Added to the madness are random social media stars who post tweets after tweets, posts after posts on how the extremely popular Mahant of Gorakhspeeth is the worst candidate for CM. Issues that concern these virtue signalling celebrities are almost all actions taken by Yogiji, from the ban on illegal slaughter houses to formation of “Anti Romeo” squads in UP to crack down on nepotism and favouritism and when they run out of all issues, even his sartorial choices.

Now, I am no expert on politics, governance or even law and order. But when I see twitter superstars post tweet after tweet criticising these “Anti-Romeo squads” (which I am sure is not the official name ) something stirs in me.  I want to ask them a few questions.

  1. How many of them have ever lived outside Delhi or Mumbai?
  2. How many of them have actually seen or experienced the day to day problems of millions of rural or small town girls?
  3. How many of them have walked to school /college or tuitions?
  4. How many of them use public transport?

Considering roughly half of these so called celebrities and journos are women I am sure not many can answer the above questions in “yes, I have”.

Millions, yes, millions of school going girls are harassed every day. In small towns and rural areas where, (to the big surprise of these celebrities) most Indians live, the existence of a girl who gets to go to school is a blessing in itself. Yes, even after 70 years of independence. Because when a family struggles to make ends meet, girls are needed for household chores, for looking after their younger siblings while their parents go looking for daily wage and for working in the fields if her family owns some land. So for the poor, a school going girl is a luxury they are only barely starting to afford.

The lower middle class is slightly better off. Their girls do not have to labour in fields. So when the girl steps out of the house after so many hurdles, imagine her mental state when on the way to school, neighbourhood “Romeos” wolf whistle, sing cheap songs and pass lewd remarks on her. Some are lucky, they learn to ignore these Romeos and continue, escaping assault and rape by mere chance. Some are not. If they complain to their parents, half will be asked to sit at home and help their mothers; the other half will have a brother or cousin accompany them. So no school when the brother has to go to work. And this is only a small part of the countless other problems.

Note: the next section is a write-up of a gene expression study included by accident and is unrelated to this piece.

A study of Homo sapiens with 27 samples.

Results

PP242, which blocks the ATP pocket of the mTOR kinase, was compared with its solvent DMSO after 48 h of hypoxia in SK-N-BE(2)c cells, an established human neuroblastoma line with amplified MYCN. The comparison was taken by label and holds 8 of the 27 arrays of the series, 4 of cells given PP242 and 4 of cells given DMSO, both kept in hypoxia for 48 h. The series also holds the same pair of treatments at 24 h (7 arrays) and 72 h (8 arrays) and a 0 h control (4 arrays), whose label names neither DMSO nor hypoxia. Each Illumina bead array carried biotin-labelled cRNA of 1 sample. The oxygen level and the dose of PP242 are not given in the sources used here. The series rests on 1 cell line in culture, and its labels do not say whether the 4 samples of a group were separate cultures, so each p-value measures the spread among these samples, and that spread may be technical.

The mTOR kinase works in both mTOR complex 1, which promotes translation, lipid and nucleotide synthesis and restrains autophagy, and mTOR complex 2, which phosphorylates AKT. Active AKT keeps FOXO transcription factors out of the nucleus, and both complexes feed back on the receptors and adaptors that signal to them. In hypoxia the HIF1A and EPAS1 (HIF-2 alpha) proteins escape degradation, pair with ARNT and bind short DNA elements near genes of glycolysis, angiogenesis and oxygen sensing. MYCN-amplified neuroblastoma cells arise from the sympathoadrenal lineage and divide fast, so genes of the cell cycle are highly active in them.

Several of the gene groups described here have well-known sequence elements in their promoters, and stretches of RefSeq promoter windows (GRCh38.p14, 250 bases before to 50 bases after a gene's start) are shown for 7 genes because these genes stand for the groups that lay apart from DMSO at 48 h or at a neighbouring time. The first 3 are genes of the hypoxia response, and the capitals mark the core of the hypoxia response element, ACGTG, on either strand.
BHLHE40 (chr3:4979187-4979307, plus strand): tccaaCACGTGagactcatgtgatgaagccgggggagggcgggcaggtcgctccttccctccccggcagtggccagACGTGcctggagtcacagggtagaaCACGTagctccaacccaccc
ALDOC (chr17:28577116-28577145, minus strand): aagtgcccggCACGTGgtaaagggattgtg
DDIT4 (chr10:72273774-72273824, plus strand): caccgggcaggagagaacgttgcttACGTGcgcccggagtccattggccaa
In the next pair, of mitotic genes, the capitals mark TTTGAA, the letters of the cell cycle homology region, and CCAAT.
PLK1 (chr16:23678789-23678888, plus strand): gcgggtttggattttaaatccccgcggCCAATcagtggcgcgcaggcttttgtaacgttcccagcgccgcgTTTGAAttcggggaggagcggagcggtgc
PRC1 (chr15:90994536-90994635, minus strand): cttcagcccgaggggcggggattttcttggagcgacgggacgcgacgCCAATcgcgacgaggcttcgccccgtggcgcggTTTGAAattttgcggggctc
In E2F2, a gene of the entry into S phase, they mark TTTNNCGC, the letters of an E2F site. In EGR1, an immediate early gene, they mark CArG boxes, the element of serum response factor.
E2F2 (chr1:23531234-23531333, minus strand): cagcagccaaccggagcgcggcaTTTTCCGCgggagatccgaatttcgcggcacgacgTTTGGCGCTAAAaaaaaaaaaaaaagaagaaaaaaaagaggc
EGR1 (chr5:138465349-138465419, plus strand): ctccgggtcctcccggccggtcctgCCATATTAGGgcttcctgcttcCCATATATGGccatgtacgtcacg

Years ago, when I landed in Lucknow, to pursue a training programme at Central Drug Research Institute, the first piece of advice I received was, “Beta, din ka ujala rehte hostel wapas aa jana” (please come back before dark).

I was a postgraduate student from Visakhapatnam, a city which, thankfully, is a lot safer than Lucknow. A couple of days later, my roommate, a bubbly, chirpy girl from Rampur, came to the hostel and burst into tears. Lucknow University to IT Chowk, two guys came out of nowhere in a speeding bike and slapped her hard on her back. By the time she balanced herself, they were gone. Her skin was red where they had hit, and her ears were still ringing with the filthy words shouted at her. Everyone knows what those common filthy words are.

Harassment, “eve-teasing” and molestation are the ugly reality of millions of poor and middle-class girls. The men doing it are no Romeos, they are one darkened alley and one lonely girl away from becoming rapists and killers. I have had my breasts touched, my waist pinched and my dupatta pulled. I have heard filthy words hurled at me, men shouting they would like to squeeze me and taste me, and men calling me “whore”. My fault in all the above scenarios was the same; I was walking on the road.

So when the honourable CM of UP orders police to take Suo moto action on this street “Romeos”, I feel an immense sense of relief and gratitude. I think about the countless girls in UP who won’t suffer embarrassment from now on for the crime of walking on the street. For contrary to what Ms Barkha Dutt believes, if the girls of India try to complain to the police for every incidence of harassment they face, every filthy expletive they hear and every time they are touched or groped in crowded places, they would be spending most of their lives inside police stations.

These virtue signalling social media journos have one common disease, they suffer from a severe metro city, rich life myopia. See, its simple, when you are rich, u go to school or college in cars, and you have your “drivers”. So your chances of getting molested are drastically reduced. Also, street Romeos seldom dare to harass the woman in a car, because they know, there will be consequences. She will have a rich father who will get them arrested.

So, dear SM journos, the poor and middle-class girls are actually very happy. Because now they have a protector too. Their CM. A leader who has lived the life they live, who knows the situations millions of Indians face and who doesn’t see the world from behind an expensive wine glass. I wish with all my heart that Yogi Adityanath continues his crackdown on these Romeos.

Hopefully, in a few years, we will have many, many girls who will be proud that they can walk the streets without fear, without guilt and without shame. Hopefully, eventually, they will grow up into strong, proud women and break every glass ceiling that has been weighing down upon millions of their elder sisters, aunts and mothers . Yogi Adityanath, I hope every state in India gets a CM like you.